From the National Fire Safety Council, Inc.

Each year, there are around 40,000 residential fires in the United States due to electrical wiring problems, claiming more than 350 lives, causing thousands of injuries from shocks and burns, creating 2 billion dollars in personal property damage.

Lighting & Electrical Safety:
It is best to hire a professional to repair, replace or install anything electrical.  However, if you attempt a small job yourself, be knowledgeable and do it safely.

  • Make sure all electrical boxes, wiring, and outlets are up to code.
  • Turn off the power by flipping the breaker or removing the fuse circuit.
  • Use a wooden ladder on a sturdy surface.  Never use a metal ladder.
  • Follow all manufacturer's recommendations for installing and maintenance.
  • Check that all lights have the UL®, ETL®, CSA®, approved label.
  • Make sure that all bulbs are screwed in tightly.  Loose bulbs may overheat.
  • Inspect light fixtures (old & new) for:
      • Broken or cracked sockets
      • Frayed or bare wires
      • Loose connections
      • Loose or missing bulbs
  • Throw out or repair damaged lights.
  • Turn off lights before replacing bulbs.
  • Use proper wattage and voltage.
  • Keep outdoor spotlights well-ventilated and away from anything that can burn.
  • Check with your local utility company before digging outside to avoid buried cables.  By Iowa law you must contact "Iowa One Call" before you dig.  They will come out to your location and mark all of the utility lines on your property.  This is a free service. 
      • Iowa One Call  1-800-292-8989


  • Unplug appliances not in use.
  • Change 2-prong outlets to 3-prong grounded outlets or install GFCI's (Ground Fault Circuit Interrupters).
  • Cover or cap unused outlets.
  • Replace missing or broken wall plates.
  • Keep all electrical devices clean and dust free.

Cords & Plugs:

  • Replace loose, frayed, or broken cords or plugs.  Loose fitting plugs can overheat and cause a fire.
  • Never pull on the cord to unplug an appliance.
  • Protect all electrical connections (inside and outside) from water.
  • Never run electrical or extension cords under rugs, carpets, furniture, or across doorways.
  • Never staple or nail through cords.  It could cause a shock or fire.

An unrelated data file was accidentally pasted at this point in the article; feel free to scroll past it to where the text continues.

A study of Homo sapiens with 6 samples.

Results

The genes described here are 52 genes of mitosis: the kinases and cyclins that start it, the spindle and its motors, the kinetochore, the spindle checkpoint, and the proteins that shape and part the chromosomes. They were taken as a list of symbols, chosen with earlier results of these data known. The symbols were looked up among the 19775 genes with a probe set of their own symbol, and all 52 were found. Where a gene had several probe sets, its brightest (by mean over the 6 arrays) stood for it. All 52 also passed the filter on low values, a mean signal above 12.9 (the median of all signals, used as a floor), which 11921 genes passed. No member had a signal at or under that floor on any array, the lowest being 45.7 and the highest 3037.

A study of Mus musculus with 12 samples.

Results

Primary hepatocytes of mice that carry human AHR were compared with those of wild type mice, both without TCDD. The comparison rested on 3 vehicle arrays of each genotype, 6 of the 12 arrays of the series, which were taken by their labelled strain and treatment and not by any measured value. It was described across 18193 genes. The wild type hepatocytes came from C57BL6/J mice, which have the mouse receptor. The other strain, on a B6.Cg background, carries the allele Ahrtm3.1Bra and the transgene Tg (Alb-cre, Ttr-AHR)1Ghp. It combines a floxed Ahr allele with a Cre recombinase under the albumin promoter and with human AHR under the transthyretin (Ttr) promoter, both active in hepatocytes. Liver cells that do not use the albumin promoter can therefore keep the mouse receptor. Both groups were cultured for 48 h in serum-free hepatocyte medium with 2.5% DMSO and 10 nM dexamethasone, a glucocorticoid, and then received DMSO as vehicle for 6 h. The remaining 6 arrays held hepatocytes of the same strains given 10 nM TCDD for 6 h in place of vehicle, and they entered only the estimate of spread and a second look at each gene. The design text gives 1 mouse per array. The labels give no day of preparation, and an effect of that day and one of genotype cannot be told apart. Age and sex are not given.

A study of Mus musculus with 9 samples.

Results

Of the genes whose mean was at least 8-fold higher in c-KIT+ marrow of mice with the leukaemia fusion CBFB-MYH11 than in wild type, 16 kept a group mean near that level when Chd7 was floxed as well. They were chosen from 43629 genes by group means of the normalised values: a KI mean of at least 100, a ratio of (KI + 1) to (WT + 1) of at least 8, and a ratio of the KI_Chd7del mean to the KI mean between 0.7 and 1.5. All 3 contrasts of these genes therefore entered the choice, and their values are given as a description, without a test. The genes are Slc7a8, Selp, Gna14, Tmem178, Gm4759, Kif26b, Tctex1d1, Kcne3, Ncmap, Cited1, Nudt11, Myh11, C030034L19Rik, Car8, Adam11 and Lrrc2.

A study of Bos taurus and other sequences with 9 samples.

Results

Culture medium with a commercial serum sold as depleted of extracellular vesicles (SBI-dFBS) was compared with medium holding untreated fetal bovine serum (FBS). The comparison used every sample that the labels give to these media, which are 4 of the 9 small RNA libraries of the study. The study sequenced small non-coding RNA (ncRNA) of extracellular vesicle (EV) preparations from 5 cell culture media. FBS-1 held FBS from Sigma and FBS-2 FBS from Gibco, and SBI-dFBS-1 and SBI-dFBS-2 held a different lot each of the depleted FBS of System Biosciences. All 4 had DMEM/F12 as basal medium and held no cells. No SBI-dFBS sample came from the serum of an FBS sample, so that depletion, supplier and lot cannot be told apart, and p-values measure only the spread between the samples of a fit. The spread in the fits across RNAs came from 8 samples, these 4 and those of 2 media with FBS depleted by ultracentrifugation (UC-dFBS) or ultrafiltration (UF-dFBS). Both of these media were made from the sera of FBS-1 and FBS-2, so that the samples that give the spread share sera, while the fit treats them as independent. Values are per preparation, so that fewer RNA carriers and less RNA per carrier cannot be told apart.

• Make sure lights are used according to their instructions for indoor or outdoor use.
  • Never tuck in or lay anything on electrical blankets.  Unplug before falling asleep or when not in use.
  • Stop using an appliance that repeatedly blows a fuse, trips a circuit breaker, or gives off a shock.  Have it repaired or replaced.  Never repair electrical products yourself.
  • Complete warranty and product registration forms for recall notification.

Extension Cords:

  • Unplug and replace cords hot to the touch.
  • One extension cord should be used per item.
  • Use cords that have a rating the same or higher than the wattage of the product that will be used.
  • Extension cords are intended for temporary use.  Never use in replacement of permanent wiring.
  • Never use extension cords or portable heaters in bathrooms.
  • Make sure cords used outdoors are intended for outdoor use.
  • Keep children and pets away from all plugs, outlets, and cords.

Know what to do:
Everyone in the family should know where the electrical breaker box is and how to turn off the power in an emergency.

  • Water and Electricity are a deadly combination.  If an electrical appliance is dropped in water while it is plugged in or running, DO NOT touch it or the water.
      1. Turn off power to the outlet from the electrical breaker box.
      2. Unplug the appliance.  Drain the water.  Remove the appliance.
      3. Do not use the appliance until it has dried out and been checked by a repair person.
  • Electrical Fires can be extinguished by you only if everyone in the house is outside, the fire is small, and you have an exit behind you.  If you aren't sure, GET OUT!
      1. Unplug the item or interrupt power at the main switch.
      2. Call 911
      3. Use a multi-purpose fire extinguisher.
  • Power lines, poles transformers, and substations should be avoided.  Electricity can travel and injure without direct contact.
      1. Stay away.  Call your local utility company for help.
      2. The plastic tubing on power lines will not protect you.
      3. If a power line is touching your car, stay inside until help arrives, and do not touch anything that is wet or made of metal.